There is anger over the Home Office’s decision not to allow a father from Cameroon to attend the funeral of his baby son in Britain.
Charly Kouasseu has been denied a UK visa because he was arrested in 2006 for travelling with false papers. He served 14 months in prison before being deported from Britain in 2008 over the offence. Because he was deported, he has to wait a minimum of 10 years before he can successfully apply for a UK visa.
Mr Kouasseu’s wife Katy, who is originally from the West Midlands, met her husband while she was working as an English teacher in Cameroon. The couple, who wed in 2010, have two surviving children together.
She flew back to the UK in October to give birth to their third child, George, after suffering a miscarriage in Cameroon. The baby died an hour after he was born and Mr Kouasseu never had the chance to meet the baby.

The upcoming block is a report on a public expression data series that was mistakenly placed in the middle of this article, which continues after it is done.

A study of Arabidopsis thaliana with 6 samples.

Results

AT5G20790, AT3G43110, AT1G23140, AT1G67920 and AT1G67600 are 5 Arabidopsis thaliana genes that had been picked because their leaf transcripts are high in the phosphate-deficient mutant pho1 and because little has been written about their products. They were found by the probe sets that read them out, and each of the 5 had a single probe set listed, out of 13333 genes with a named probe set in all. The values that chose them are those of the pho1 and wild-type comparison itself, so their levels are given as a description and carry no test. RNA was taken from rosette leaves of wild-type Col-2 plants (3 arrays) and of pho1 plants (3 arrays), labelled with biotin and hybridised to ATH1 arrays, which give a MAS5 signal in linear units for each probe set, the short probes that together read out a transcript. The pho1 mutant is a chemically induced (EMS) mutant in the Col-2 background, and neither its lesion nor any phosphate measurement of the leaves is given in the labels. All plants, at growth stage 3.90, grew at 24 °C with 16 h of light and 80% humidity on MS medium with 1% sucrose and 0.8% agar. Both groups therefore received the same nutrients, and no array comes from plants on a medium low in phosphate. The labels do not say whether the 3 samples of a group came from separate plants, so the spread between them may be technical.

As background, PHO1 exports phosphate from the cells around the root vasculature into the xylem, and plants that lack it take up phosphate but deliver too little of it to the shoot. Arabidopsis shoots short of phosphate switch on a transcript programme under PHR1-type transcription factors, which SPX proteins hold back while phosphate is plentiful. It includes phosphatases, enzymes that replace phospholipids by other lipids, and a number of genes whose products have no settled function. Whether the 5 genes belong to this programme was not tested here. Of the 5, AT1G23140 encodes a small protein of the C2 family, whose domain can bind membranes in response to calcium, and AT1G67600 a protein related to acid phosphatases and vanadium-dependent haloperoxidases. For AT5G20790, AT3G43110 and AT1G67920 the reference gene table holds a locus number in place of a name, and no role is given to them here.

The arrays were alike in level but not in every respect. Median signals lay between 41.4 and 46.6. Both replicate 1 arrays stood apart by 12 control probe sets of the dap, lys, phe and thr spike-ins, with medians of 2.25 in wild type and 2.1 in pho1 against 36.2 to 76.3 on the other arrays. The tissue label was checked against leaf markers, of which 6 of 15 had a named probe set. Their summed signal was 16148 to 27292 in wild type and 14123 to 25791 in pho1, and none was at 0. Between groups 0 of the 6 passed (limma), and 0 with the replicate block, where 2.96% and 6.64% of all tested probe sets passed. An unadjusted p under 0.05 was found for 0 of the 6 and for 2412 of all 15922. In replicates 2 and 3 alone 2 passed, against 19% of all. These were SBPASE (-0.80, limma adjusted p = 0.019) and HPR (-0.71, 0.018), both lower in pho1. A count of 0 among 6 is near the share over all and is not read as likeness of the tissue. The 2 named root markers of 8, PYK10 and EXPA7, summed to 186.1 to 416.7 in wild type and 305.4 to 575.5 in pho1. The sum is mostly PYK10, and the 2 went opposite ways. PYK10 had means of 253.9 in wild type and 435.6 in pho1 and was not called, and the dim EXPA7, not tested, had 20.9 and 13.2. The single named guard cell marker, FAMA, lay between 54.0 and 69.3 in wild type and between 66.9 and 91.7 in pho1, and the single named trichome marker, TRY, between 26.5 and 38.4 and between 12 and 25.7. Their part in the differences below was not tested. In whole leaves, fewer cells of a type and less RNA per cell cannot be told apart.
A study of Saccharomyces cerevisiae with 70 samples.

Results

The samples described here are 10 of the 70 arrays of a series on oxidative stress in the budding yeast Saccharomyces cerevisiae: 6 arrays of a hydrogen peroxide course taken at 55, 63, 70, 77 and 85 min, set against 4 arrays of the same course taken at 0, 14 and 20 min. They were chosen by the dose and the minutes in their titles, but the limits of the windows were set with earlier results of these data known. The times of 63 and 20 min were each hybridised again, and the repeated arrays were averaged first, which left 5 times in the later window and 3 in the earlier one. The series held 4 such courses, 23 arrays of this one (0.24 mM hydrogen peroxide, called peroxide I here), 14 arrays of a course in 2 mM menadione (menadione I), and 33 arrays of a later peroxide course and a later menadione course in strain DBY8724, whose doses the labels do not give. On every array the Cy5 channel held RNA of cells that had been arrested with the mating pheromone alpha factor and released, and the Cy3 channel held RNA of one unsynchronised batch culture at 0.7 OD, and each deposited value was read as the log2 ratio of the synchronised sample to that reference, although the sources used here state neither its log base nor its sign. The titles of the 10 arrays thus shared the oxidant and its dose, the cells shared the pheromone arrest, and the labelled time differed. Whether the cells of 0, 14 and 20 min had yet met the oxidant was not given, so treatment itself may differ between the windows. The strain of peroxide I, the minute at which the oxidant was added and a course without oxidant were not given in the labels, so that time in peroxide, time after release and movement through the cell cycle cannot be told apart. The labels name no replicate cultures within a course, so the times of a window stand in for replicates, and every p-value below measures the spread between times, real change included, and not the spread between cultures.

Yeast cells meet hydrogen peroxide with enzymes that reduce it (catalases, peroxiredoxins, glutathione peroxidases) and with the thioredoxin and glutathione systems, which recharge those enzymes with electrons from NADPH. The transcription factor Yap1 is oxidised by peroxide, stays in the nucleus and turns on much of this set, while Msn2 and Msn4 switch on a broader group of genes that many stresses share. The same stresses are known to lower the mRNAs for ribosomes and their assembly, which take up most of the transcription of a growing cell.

The family is awaiting the results of a post-mortem examination to find out the cause of the baby’s death. George is due to be buried in Worcester.
Mrs Kouasseu has started a petition in support of her husband’s right to attend his son’s funeral in the UK.
She told the BBC: “We're not asking for Charly to be able to stay for a week. We just want him to come for George's funeral.
“He's never met George. He's never had that opportunity. We speak on the phone, but it's not the same. For him as a father; he should be there for his son's funeral.
“I think this is a case needing compassion, which the Home Office seems to lack.”
The Home Office said that deportation orders were for the “protection of the British public”, and anyone who had such an order against them must apply for it to be removed.